How to Set up Let’s Encrypt With Certbot on Ubuntu 20.04 | 18.04

Set up Let's Encrypt

In this quick guide, we will show you how to set up Let’s Encrypt with Certbot on Ubuntu 20.04 and older. The instructions here will also apply to Debian systems.

Let’s Encrypt is a free, automated, and open certificate authority managed by the nonprofit Internet Security Research Group (ISRG).

It provides X.509 certificates for Transport Layer Security encryption at no charge. The Let’s Encrypt certificates are valid for 90 days after which they are due for renewal.

Certbot on the other hand is a command-line utility that is used for managing Let’s Encrypt SSL certificates on a Linux system. Certbot allows you to request a new SSL certificate, automatically do the authorization and configuration of your web server. It also facilitates the manual or auto-renewal of certificates issued by the Let’s Encrypt certificate authority.

Steps to set up Let’s Encrypt

For this process to succeed, one must have a valid domain name pointed to by DNS as well as an active web server. The most common is the Apache web server and Nginx. But any other web server will do.

Step 1 – Install Certbot

$ sudo apt install certbot

On Ubuntu 20.04 you have the option of using the snap package manager that comes with the distro by default as follows:

$ sudo snap install --classic certbot

Step 2 – Generate SSL Certificate

You can now use Certbot to request the SSL certificate from Let’s encrypt for your web server as follows.


$ sudo certbot --apache

2.Nginx:

$ sudo certbot --nginx

The above commands will list all the domains and sub-domains that are active on your server as virtual hosts. They will be listed numerically. Follow the on-screen instructions and select the number that corresponds to the domains/sub-domains you want the certificate to be valid for.

Certbot will then proceed to configure the server appropriately.

3. Other Web Servers: For the system having any other web servers other than Apache or Nginx, you can get the certificate only but you will have to configure it manually. This method can also be used for Apache and Nginx using the certonly option. You would want to use this option if you have some custom set up on your server for Apache and Nginx.


#sudo certbot certonly --apache for manual Apache
#sudo certbot certonly --nginx for manual Nginx

Running the above command is similar to the automatic configuration process only that this time Certbot will create the certificate and print out the path where it has been stored on your file system. Make sure to take a note of the file location which you will later use in your web server configuration.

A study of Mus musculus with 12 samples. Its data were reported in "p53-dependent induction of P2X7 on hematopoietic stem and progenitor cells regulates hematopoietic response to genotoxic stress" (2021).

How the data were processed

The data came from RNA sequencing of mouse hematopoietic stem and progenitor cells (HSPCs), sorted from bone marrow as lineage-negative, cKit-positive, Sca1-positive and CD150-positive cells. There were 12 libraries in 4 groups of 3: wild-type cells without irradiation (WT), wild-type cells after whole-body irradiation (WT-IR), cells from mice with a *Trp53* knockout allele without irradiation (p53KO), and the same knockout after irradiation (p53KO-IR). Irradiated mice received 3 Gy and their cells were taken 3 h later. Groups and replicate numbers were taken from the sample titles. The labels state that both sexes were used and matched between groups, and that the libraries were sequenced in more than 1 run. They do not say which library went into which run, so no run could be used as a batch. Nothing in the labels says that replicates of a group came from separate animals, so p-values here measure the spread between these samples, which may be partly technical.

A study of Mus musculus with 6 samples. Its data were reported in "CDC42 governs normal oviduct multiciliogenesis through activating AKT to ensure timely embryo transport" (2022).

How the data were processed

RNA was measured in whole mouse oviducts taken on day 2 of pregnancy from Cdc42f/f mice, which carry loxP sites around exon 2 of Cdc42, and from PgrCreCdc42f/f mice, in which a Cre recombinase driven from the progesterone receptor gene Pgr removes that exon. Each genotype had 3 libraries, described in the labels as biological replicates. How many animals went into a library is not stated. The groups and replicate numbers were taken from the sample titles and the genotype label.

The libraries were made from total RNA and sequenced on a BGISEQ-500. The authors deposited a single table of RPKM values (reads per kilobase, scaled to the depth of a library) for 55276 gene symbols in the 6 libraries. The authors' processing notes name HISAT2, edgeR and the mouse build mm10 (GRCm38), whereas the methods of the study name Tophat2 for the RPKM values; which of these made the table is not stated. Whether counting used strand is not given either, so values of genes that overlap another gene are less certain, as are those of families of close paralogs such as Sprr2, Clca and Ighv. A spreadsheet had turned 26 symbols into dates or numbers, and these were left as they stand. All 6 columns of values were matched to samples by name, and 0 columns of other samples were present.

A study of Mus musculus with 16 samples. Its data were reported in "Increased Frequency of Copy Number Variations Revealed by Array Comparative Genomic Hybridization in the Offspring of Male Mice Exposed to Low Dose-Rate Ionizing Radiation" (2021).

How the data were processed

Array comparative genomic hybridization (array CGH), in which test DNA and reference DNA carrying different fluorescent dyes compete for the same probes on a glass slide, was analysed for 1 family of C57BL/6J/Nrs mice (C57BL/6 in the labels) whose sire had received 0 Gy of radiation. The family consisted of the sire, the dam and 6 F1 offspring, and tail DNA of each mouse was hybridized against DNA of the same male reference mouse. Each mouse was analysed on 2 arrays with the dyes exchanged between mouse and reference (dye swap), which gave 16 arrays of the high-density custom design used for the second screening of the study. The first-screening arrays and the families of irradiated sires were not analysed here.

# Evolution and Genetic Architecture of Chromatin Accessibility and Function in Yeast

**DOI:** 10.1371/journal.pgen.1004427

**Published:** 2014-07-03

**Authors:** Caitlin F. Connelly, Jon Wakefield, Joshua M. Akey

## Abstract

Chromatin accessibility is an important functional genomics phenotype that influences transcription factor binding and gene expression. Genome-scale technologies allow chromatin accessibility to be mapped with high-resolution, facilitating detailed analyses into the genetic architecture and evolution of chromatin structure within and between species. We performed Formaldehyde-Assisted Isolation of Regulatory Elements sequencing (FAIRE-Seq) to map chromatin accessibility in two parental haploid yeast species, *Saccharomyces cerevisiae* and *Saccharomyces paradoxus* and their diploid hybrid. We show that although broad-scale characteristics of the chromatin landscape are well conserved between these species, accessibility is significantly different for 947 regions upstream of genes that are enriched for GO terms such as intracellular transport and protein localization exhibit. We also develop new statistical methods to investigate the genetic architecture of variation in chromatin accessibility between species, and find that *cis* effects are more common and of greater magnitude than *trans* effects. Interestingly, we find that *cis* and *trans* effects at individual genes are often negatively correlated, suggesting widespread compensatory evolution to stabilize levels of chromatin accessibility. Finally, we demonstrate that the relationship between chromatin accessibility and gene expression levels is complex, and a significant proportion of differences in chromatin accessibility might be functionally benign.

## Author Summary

4. No Web Server – You can also set up Let’s Encrypt even if you don’t have a web server. You can use the command below. This will ask you for the domain name then start a temporary web server on port 80 to complete the verification and issue the certificate.

$ sudo certbot certonly --standalone

In all the above cases, the server through the domain must be accessible over the Internet. During the verification /.well-known/acme-challenge folder will be added for verification.


Once the SSL certificate is installed on the webserver, you can test it by simply visiting https://yourdomain.com/ in a web browser and look for the SSL lock icon in the address bar. You can also do a security scan for the SSL setup on https://www.ssllabs.com/ssltest/ which will do a comprehensive audit of your Let’s Encrypt certificate. This is recommended especially if you set up your certificate manually as in the Other Web Servers set up above.

How to Renew Let’s Encrypt SSL Certificate

Let’s Encrypt certificates are issued for 3 months only. Usually, with Certbot the certificates will auto-renew so you will not have to do anything going forward. In the cases where you need to manually renew them such as when you used manual options for your setup then Certbot provides a way to renew the SSL certificate manually.

With Let’s Encrypt you can renew your certificate anytime within 30 days of expiry. You can do so by running the following command:

$ sudo certbot renew

This command will renew any certificates on your Linux system that are within 30 days of expiry.

You can also do a mock renewal just to make sure all is well before doing the actual renewal by running the following command:

$ sudo certbot renew --dry-run

Conclusion

That’s all! You should now be able to install Certbot on your Ubuntu 20.04 or older systems as well set up Let’s Encrypt SSL certificates as needed.